Boris Johnson: Replace Iran nuclear plan with ‘Trump deal’, says PM


Boris Johnson has said the Iran nuclear deal should be replaced with a “Trump deal”.

The prime minister said he recognised US concerns the 2015 deal was “flawed”, but there had to be a way of stopping Tehran from acquiring nuclear weapons.

“If we’re going to get rid we need a replacement,” he told BBC Breakfast. “Let’s replace it with the Trump deal.”

His comments came as the UK, France and Germany triggered a dispute mechanism in the deal after violations by Iran.

Foreign Secretary Dominic Raab is to make a Commons statement later amid growing fears for the future of the 2015 Joint Comprehensive Plan of Action (JCPOA), which was abandoned by the US in 2018.

Iran has suspended all limits on its production of enriched uranium, which can be used can be used to make reactor fuel but also nuclear weapons. It has said it is responding to sanctions reinstated by the US in 2018.

In a joint statement, the three European powers said Iran was not “meeting its commitments” and it was referring the issue to the body which enforces the agreement to try and ensure Tehran complied with the terms of the existing agreement as soon as possible.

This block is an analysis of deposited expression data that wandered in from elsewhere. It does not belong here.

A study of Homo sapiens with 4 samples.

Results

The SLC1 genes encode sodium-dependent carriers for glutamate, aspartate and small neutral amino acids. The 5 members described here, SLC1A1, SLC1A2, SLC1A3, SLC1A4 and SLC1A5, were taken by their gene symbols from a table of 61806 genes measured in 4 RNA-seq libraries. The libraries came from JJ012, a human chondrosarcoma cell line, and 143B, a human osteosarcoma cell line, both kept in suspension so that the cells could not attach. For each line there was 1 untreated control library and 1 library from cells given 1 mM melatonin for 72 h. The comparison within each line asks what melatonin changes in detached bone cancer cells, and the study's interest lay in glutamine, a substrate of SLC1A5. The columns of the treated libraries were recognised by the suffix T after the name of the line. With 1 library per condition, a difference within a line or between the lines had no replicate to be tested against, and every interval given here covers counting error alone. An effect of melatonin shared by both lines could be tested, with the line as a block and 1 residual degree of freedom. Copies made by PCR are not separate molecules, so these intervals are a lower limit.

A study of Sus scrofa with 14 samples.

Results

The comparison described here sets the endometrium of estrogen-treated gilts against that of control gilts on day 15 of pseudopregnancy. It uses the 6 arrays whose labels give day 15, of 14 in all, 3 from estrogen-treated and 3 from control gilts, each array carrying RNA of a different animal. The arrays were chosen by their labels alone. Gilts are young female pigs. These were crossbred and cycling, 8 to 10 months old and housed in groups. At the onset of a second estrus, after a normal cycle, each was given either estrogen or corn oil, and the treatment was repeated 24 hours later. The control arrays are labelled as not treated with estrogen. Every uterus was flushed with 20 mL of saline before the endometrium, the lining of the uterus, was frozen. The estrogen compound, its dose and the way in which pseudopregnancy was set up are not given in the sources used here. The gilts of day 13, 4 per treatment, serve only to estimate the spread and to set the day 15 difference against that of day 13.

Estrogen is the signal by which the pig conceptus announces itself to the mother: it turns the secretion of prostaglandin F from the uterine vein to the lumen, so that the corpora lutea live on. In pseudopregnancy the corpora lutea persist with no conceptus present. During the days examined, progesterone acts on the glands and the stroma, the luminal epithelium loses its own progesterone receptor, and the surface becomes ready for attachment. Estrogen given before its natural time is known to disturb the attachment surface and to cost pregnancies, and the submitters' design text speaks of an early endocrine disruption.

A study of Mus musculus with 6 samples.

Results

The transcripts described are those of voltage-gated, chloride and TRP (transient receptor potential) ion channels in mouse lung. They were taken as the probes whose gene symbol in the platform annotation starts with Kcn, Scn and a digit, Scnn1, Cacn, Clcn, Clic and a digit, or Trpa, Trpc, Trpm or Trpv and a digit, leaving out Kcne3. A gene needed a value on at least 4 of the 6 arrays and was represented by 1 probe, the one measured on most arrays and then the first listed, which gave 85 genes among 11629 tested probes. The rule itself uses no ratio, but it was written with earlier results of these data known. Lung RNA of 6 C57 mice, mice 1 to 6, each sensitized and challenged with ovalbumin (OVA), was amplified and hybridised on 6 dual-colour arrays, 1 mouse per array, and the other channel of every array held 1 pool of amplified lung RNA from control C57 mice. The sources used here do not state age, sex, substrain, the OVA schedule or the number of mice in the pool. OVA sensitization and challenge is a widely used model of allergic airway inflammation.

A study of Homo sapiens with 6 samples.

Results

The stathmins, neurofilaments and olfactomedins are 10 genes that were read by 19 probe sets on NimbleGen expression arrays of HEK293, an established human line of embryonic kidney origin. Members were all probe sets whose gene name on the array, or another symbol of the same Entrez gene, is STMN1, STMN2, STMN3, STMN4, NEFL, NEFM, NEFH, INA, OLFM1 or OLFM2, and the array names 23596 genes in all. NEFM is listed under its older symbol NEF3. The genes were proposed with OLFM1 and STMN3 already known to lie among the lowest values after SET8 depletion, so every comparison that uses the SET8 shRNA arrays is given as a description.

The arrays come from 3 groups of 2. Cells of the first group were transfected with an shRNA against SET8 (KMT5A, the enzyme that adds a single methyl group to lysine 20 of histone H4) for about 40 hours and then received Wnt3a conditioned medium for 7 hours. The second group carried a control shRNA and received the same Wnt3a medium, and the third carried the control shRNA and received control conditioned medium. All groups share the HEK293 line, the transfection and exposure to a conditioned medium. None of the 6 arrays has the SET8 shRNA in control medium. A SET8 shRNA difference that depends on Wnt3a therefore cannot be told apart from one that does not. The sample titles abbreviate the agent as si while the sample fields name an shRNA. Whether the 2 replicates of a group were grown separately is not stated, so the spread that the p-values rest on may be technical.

“We do this in good faith with the overarching objective of preserving the JCPOA and in the sincere hope of finding a way forward to resolve the impasse through constructive diplomatic dialogue, while preserving the agreement and remaining within its framework,” it said.

The BBC’s political editor Laura Kuenssberg says she understands the PM believes the current deal has to be made to work in a format that the US will sign up to.

Image copyright EPA Image caption Iran says it suspended its nuclear commitments in response to the reinstated US sanctions

In a wide-ranging interview with BBC Breakfast’s Dan Walker – his first major TV interview since the election – the PM also said he was “very, very, very confident” about the UK and EU negotiating a new trade deal by the 31 December deadline.

While, in any negotiation, a country had “to budget for a complete failure of common sense”, he believed a successful outcome was “enormously likely”.

He also said the government was continuing to look at whether Big Ben would chime at the moment that Brexit happens at 23.00 GMT on 31 January. The bell is currently being refurbished and he said it would cost about £500,000 for it to be brought back into use for one night.